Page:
Happy spouse, happy house
Achieving marital quality could seem daunting, even impossible to any couple, let alone a couple in which one of the partners is dealing with a serious illness. But a new study by Megan Robbins, psychology professor at the University of California, Riverside, may hold the answer.
Achieving marital quality could be as simple as using the right words, and finding balance, the study asserts. The results of the research paper show that the use of pronouns such as "I," "me," and "my," spoken by the spouse, and "you," and "your," by the patient, reflect positive marriage quality.
Published in the journal Personal Relationships, "Everyday Emotion Word and Personal Pronoun Use Reflects Dyadic Adjustment Among Couples Coping with Breast Cancer," Robbins and graduate students Alex Karan and Robert Wright analyzed 52 couples coping with breast cancer. The couples went home with an "Electronically Activated Recorder", or "EAR," that recorded 50 seconds of sound every nine minutes. Except for sleeping hours, they wore the EAR for a weekend (Friday-Sunday). Researchers analyzed conversations that did not concentrate on cancer – otherwise called "normal conversations," which made up 95 percent of couples' daily conversations.
The authors focused on participants' use of first-person singular (e.g., "I," "me"), and second-person (e.g., "you," "your") pronouns. Their analysis also focused on each participant's positive emotion words (e.g. care, love), anxiety words (e.g. worry, stress), anger words (e.g. hate, resent), sadness words (e.g. cry, woe), and a category of negative emotion words that did not contain the words above.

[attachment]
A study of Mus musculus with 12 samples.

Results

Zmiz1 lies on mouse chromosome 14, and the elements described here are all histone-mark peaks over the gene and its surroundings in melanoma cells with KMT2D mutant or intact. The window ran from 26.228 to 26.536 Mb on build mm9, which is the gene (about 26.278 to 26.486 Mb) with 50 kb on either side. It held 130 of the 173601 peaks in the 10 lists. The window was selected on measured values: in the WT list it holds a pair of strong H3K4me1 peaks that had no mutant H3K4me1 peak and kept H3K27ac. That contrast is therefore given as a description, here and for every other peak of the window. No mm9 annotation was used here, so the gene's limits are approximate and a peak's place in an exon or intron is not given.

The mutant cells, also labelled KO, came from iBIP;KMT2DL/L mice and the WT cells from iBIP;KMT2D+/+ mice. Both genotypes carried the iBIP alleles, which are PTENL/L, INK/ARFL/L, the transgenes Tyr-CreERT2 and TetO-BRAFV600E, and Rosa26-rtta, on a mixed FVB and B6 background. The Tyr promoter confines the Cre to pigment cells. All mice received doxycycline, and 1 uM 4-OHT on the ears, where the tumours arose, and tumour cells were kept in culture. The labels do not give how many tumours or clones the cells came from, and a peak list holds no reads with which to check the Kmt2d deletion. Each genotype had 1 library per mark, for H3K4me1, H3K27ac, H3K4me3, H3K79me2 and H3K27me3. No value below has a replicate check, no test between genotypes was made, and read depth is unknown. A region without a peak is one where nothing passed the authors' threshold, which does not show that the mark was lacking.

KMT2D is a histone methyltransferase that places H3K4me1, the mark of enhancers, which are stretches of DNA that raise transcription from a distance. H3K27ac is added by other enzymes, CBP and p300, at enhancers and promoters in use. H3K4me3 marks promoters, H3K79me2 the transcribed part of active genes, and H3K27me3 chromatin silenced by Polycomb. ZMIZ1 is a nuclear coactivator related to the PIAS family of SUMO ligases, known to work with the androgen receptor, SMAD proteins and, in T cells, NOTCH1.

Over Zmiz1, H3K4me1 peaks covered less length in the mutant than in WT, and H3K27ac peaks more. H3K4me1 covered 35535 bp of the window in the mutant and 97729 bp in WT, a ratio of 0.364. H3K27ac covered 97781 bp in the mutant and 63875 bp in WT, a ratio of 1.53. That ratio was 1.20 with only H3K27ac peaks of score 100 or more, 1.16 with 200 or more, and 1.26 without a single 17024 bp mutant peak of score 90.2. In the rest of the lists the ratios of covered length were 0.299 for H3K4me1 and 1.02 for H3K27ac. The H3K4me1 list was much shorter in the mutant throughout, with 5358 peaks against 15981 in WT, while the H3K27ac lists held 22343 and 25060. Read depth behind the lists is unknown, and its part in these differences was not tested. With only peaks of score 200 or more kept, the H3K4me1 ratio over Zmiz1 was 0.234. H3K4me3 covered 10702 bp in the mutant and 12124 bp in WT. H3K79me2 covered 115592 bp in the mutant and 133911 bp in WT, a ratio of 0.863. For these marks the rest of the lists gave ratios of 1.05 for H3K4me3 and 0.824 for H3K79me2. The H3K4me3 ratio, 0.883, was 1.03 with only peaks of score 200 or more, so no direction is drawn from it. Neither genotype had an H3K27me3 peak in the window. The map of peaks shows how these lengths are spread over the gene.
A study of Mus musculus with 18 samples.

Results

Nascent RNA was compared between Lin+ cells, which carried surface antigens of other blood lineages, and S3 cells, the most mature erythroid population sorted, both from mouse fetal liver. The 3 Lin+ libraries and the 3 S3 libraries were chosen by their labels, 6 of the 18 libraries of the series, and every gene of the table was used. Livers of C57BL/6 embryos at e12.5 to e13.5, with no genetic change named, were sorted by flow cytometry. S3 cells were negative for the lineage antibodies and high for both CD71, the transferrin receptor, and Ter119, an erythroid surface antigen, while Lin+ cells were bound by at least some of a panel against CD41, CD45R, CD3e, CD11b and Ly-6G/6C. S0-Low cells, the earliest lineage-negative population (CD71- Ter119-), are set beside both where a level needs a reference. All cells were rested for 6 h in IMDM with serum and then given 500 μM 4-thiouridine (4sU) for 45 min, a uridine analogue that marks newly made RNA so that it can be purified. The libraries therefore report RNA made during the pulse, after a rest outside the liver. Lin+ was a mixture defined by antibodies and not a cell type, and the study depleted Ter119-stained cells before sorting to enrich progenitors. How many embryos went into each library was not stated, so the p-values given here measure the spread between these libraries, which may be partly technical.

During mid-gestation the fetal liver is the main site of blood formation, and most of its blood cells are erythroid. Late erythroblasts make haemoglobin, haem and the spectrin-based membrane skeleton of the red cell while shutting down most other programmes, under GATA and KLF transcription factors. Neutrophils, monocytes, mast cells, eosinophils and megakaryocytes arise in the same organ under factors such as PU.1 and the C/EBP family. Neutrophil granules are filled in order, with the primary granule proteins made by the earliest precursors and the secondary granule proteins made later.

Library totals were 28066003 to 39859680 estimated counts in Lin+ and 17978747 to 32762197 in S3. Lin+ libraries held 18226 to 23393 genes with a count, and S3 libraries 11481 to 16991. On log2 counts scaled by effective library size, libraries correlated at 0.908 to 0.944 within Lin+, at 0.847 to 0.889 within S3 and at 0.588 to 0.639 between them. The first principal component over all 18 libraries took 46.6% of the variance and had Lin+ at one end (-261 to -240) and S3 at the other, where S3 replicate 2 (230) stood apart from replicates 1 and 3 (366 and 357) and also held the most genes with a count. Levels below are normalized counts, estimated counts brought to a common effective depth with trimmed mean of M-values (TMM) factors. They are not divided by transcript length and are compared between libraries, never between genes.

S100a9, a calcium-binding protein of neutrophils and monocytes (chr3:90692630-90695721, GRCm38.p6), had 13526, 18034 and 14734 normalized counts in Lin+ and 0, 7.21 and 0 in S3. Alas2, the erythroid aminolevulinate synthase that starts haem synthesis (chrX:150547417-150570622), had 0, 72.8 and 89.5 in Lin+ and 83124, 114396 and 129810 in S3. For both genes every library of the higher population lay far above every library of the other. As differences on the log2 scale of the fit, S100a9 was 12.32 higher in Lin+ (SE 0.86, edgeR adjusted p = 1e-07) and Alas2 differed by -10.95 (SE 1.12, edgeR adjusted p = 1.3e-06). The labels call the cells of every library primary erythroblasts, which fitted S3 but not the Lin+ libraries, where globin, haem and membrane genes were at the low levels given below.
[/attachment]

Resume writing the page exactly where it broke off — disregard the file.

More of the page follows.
"It may seem like an insignificant thing, but our research shows words can reflect important differences among romantic relationships," Robbins said. "Spouses' use of first-person singular pronouns, and patients' use of second-person pronouns, was positively related to better marital quality for both partners as the focus wasn't always on the patient. So, it reflects balance and interdependency between partners.
"Personal pronoun use can tell us who the individual is focusing on, and how he or she construes themselves within the relationship," Robbins said. "It seems like a small word, but it says a lot about the relationship during a trying time. We found that focus on the spouse, rather than on the patient, lent to better marital quality for both partners. It was an indicator for us that the couple thought of themselves as a team, or a unit–not exclusively focusing on the patient."
The researchers also found that not only were positive emotion words positively associated with marital quality, but negative pronoun use was associated with a negative marital quality.